Ric Franzi, on Critical Mass for Business radio, featured a 50-minute interview yesterday afternoon with Peter DiGiammarino to discuss IntelliVen and Manage to Lead: Seven Truths to Help You Change the World. Click the play button below to listen to the entire show.
An excerpt from their discussion follows:
Franzi: You have outlined a “Support Structure for Success” of the top executive. In it you suggest a CEO have an outside Executive Group and Belong to a CEO Peer Group outside their firm. Would you take us through your thinking and what you why you feel they are so important?
DiGiammarino: CEOs who participate in peer forums help each other become great CEOs and better people. Specifically:
- It is a place where a CEO does not have to behave as if s/he knows all the answers and can, instead, be genuinely open to input and where it’s ok to be vulnerable, and even to be wrong, in front of each other; there is no need to put on airs or skirt around the hard stuff.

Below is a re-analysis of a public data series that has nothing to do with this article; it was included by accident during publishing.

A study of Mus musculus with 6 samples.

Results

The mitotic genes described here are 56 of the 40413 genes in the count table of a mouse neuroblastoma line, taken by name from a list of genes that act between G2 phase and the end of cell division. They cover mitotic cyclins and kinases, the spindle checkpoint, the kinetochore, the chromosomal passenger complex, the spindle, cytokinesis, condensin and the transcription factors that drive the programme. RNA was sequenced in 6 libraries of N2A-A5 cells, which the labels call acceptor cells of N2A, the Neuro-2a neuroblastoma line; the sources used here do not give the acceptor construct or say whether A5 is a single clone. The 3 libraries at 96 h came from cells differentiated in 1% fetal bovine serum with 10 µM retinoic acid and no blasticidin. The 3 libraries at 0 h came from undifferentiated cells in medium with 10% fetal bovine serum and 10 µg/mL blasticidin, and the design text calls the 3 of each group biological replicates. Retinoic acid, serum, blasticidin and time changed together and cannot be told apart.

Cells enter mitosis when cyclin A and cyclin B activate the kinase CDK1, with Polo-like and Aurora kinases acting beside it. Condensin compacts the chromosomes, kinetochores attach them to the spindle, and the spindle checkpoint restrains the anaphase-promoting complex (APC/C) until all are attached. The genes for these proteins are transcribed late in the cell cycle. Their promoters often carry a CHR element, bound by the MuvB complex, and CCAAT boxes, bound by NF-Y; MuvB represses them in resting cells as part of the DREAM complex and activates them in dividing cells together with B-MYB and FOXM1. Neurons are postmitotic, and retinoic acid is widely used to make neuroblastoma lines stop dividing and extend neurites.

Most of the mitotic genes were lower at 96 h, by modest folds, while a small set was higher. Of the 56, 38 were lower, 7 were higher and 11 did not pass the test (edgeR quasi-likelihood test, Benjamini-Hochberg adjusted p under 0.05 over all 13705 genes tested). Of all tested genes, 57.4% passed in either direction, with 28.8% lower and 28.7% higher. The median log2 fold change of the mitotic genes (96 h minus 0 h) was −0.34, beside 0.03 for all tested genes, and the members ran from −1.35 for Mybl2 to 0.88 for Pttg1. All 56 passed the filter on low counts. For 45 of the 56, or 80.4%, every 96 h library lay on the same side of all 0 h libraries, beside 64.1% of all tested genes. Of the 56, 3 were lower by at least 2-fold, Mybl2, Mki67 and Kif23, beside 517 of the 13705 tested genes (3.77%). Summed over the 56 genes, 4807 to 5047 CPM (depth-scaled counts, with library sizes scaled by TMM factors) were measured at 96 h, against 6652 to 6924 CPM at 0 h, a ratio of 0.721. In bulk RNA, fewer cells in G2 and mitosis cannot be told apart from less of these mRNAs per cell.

- One of the greatest human needs is to be known and to be understood. CEO peers really know and understand each other; both in terms of personal and business goals and the challenges each faces in meeting them. Consequently, also, feelings of loneliness and depression are less common in CEOs who participate in a peer group.
- Participation increases the odds that a CEO’s goals will be met because the group holds each CEO accountable for acting in ways that are in-sync with what s/he claims s/he seeks to accomplish. When a peer acts in a manner out-of-sync with stated goals, CEOs challenge each other in constructive ways.
- CEOs share their experiences and so learn from each other which accelerates the learning curve for any one member.
- CEOs celebrate each other’s’ successes and commiserates on failures which is surprisingly comforting.
- CEOs open their network of resources (people, money, partners, clients, training, knowledge, etc.).